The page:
Father’s fury after foot-high kerb which blocks him from parking on his own driveway is installed
- Colin Gibson, from Newmains, Scotland had driveway blocked by foot-high kerb
- Mr Gibson now has to park in the street and his car has been damaged since
A furious father has claimed he has been blocked from parking on his driveway after a foot-high kerb was installed following the construction of a new £20million school.
Colin Gibson has lived in Park Drive, in the village of Newmains, North Lanarkshire, Scotland, for the past eight years but problems arose after work was finished on the new school hub.
Builders for the new Newmains and St Brigid’s hub left Colin unable to park in his own driveway after building the tall kerb, forcing him to park in the street, where damage has already been caused to his car.
He said: ‘The council and their contractors have constructed a path up to the new school, which is fine, but the kerb outside my house is a foot high which means there’s absolutely no way I can put either myself, my wife or my son’s car into our drive without them being damaged.
‘I have spoken to the council and the contractors when they were on site and asked them to do something about it but I’ve got nowhere.
Father Colin Gibson (pictured) from Park Drive, Newmains, North Lanarkshire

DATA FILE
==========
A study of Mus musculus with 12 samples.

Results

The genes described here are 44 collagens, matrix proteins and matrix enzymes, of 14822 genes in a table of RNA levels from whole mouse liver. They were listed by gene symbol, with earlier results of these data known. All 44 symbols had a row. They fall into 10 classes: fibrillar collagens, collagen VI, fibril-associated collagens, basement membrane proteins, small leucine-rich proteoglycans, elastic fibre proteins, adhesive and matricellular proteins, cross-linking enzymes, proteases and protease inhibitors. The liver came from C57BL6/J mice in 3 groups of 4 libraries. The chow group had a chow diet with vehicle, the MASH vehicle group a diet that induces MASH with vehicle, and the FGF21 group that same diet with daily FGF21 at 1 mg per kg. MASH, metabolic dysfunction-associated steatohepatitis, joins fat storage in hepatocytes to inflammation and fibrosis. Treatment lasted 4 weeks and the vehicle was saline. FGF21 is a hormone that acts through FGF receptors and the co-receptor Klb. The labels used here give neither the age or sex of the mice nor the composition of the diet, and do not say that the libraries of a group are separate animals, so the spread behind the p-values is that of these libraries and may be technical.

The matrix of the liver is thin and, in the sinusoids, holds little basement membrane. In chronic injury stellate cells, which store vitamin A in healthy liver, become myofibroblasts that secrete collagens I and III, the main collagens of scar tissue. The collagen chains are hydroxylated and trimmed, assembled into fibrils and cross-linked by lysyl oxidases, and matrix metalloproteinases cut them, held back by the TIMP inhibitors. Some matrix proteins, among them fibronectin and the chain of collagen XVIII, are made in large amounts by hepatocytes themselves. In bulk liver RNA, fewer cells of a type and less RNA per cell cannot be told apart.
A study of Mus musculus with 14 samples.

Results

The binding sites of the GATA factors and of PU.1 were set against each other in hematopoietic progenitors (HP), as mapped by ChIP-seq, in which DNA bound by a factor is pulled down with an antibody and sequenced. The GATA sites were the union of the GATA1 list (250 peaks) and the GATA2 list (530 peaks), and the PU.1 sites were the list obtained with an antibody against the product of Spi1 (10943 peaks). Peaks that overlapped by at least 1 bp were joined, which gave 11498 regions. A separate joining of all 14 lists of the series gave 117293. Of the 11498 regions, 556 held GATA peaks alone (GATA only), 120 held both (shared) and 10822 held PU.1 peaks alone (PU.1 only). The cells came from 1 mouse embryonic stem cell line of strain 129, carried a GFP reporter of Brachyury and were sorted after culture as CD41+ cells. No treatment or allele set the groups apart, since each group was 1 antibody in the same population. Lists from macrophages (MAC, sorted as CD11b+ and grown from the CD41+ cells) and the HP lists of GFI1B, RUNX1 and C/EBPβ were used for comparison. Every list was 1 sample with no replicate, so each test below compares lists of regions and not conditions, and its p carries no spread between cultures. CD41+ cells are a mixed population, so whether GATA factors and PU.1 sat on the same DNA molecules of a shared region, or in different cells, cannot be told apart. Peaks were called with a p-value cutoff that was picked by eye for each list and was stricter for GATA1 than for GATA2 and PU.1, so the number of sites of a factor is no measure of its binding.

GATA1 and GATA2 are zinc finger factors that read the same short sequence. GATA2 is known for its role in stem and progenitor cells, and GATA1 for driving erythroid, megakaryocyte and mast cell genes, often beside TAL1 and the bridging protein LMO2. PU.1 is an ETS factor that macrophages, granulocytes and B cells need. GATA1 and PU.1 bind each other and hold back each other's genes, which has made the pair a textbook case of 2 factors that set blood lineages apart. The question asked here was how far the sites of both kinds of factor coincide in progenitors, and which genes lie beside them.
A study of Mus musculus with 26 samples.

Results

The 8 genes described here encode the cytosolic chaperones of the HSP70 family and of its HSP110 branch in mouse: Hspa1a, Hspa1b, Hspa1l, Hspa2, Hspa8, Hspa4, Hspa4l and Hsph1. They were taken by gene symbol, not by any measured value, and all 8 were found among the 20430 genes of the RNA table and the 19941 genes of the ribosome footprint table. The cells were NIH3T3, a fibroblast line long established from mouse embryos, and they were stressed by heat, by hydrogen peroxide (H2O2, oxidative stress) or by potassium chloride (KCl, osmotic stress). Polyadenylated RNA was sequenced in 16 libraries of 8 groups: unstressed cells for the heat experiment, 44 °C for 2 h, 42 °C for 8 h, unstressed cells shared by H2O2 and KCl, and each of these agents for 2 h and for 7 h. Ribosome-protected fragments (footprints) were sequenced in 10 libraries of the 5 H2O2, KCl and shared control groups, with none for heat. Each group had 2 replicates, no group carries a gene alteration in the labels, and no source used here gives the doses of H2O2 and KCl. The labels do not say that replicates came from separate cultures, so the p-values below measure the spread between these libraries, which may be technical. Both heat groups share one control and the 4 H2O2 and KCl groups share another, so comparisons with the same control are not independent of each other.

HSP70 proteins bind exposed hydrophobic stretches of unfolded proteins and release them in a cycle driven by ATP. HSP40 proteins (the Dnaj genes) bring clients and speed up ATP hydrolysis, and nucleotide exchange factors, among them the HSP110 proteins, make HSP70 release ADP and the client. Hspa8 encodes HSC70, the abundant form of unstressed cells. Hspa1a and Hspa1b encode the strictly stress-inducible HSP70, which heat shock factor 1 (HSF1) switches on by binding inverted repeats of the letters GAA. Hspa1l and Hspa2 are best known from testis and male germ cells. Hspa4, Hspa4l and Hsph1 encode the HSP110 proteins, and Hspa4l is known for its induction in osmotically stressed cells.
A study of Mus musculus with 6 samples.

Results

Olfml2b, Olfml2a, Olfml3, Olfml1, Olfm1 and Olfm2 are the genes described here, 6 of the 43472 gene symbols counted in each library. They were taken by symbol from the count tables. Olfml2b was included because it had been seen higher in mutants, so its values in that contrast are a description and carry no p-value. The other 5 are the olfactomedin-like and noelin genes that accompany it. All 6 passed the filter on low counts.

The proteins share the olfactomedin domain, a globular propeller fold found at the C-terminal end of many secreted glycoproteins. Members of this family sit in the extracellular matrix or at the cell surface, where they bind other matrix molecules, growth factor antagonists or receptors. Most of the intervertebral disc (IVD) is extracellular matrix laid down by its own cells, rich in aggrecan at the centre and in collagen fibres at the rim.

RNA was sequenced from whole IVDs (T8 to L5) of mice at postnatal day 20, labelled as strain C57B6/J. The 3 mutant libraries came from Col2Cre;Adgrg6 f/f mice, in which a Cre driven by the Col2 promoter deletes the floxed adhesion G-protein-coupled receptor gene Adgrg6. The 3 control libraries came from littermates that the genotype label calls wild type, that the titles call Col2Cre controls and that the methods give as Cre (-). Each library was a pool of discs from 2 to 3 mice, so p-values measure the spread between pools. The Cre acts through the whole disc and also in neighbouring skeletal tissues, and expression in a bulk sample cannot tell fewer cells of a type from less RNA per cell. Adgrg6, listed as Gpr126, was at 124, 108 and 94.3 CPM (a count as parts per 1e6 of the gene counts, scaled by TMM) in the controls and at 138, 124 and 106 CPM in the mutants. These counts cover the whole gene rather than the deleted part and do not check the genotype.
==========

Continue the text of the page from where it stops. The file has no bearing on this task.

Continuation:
Builders for the new Newmains and St Brigid’s hub left Colin unable to park in his own driveway after building the tall kerb (pictured), forcing him to park in the street
‘It’s so frustrating. In the space of a month since I have been forced to park on the street I have had two damaged wing mirrors, it’s ridiculous.
‘I spoke to one councillor who told me to seek legal advice. Why should I have to pay for a lawyer when I have done absolutely nothing wrong and someone else has made a mess of it?’
The joint campus, which also includes Newmains Family Learning Centre for nursery children, is used by more than 500 children and staff since it opened its doors last month.
A spokesperson for North Lanarkshire Council said: ‘Following a series of meetings between the resident and the main contractor, a proposal to provide vehicle access to the rear of the property was developed.
‘However, when contractors recently approached the resident to confirm a start date for carrying out the works, they were surprised to be informed that their proposals were no longer acceptable.
‘The contractors remain committed to agreeing an acceptable solution with the resident to resolve this matter.’